Drones

Uncrewed Plane in Managed Airspace: Wisk Aero Demonstration

Aviation Consortium Achieves Milestone in Uncrewed Aircraft Integration in Controlled Airspace in New Zealand

An aviation collaboration, led by Wisk Aero, has successfully concluded a groundbreaking trial in New Zealand, evaluating the integration of uncrewed aircraft into controlled airspace. The trial, conducted under the New Zealand Government’s Airspace Integration Trial Programme (AITP), involved a series of test flights to assess the operational aspects of uncrewed aircraft flying beyond visual line of sight (BVLOS) alongside piloted aircraft.

The completion of the trial, held between November 17 and December 1, 2023, signifies a notable advancement in autonomous flight operations. Collaborators included Insitu Pacific, the approved Remotely Piloted Aircraft (RPA) operator, the Civil Aviation Authority of New Zealand (CAA), Airways New Zealand as the air navigation service provider, and Tāwhaki, an indigenous aerospace venture providing the flight testing site. Airways International’s uncrewed traffic management (UTM) system, AirShare, played a crucial role in ensuring integration.

Andrew Duggan, Managing Director of Insitu Pacific, highlighted the collaborative effort, stating, “This series of flights, remotely-piloted by our Insitu Pacific operators, puts into action the significant planning and close collaboration we have undertaken to support Wisk.” The demonstration is seen as a step toward establishing a safe concept of operations for autonomous flight in non-segregated airspace.

Trials at the Tāwhaki National Aerospace Centre included take-offs, landings, and navigation in both uncontrolled and controlled airspace. James Evans, Acting General Manager Air Traffic Services at Airways New Zealand, emphasized the commitment to sky safety, stating, “Our purpose as New Zealand’s air navigation service provider is to keep our skies safe, today and tomorrow.”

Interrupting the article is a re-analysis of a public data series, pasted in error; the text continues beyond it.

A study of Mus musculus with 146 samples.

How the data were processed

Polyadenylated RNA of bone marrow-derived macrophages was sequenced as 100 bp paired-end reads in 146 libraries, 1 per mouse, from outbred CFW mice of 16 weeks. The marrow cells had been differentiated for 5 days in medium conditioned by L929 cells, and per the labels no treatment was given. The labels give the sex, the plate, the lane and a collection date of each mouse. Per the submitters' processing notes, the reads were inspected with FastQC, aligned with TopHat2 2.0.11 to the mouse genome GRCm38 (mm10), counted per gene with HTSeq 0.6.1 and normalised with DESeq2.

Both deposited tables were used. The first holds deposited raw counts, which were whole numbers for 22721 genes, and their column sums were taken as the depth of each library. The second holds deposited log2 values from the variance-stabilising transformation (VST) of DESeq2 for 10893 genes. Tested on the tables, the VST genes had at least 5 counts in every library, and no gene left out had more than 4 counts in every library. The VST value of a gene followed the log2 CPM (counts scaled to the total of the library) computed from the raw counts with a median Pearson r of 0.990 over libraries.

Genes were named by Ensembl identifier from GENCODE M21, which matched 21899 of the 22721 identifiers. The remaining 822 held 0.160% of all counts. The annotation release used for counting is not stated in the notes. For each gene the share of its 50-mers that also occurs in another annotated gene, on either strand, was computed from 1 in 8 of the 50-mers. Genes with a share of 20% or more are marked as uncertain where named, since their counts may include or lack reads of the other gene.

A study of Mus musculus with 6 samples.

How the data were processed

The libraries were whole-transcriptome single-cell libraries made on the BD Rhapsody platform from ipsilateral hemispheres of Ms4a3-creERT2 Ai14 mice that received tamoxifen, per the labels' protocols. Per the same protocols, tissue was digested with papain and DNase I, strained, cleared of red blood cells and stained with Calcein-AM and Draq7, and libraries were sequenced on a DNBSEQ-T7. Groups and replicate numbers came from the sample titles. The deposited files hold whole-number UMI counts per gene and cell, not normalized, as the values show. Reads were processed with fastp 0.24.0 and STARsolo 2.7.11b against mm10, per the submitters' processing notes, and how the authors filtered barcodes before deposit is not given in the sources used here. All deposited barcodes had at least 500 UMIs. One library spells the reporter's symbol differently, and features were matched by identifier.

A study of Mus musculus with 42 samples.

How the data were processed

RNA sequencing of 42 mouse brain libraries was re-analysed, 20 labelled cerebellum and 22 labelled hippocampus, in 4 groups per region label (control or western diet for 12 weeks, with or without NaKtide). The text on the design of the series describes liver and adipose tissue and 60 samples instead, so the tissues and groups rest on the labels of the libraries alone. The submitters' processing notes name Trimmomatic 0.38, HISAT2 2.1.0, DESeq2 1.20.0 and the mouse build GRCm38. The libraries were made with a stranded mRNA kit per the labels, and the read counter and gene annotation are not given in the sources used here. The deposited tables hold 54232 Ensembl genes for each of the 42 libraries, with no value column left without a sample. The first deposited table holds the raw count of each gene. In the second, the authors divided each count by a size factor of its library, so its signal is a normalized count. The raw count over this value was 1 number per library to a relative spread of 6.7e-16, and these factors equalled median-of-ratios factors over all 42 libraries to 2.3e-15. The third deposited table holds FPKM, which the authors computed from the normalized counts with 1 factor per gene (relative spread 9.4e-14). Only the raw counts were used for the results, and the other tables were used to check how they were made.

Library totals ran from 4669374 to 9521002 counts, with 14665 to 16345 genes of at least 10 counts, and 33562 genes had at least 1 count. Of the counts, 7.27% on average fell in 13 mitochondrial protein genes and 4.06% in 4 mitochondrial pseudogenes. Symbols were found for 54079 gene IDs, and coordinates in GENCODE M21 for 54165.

Catherine MacGowan, Wisk’s Vice President of APAC and Air Operations, underscored the achievement’s significance, stating, “The successful completion of this phase of testing demonstrates that it is possible to safely integrate autonomous aircraft into controlled airspace shared with piloted aircraft.” The data and learnings from the trials are expected to contribute to the future of Advanced Air Mobility (AAM) and the broader aviation industry.

The partnership’s efforts received acknowledgment from CAA’s Deputy Chief Executive, Aviation Safety, David Harrison, who affirmed the commitment to the safe integration of emerging technologies into the civil aviation system in New Zealand. Linda Falwasser, CEO of Tāwhaki, expressed pride in supporting innovation at the Tāwhaki National Aerospace Centre and contributing to a sustainable future for aerospace transport.

The New Zealand Government’s AITP, initiated in 2019, is a four-year program aiming to ensure safety in airspace systems while advancing aviation and meeting community expectations. Wisk’s role in the program began in 2020 when it became the first industry partner to sign an MOU with the New Zealand government. The successful completion of this recent phase marks progress for the aviation sector, aligning with the program’s overarching priorities.

For drone industry consulting or writing, Email Miriam.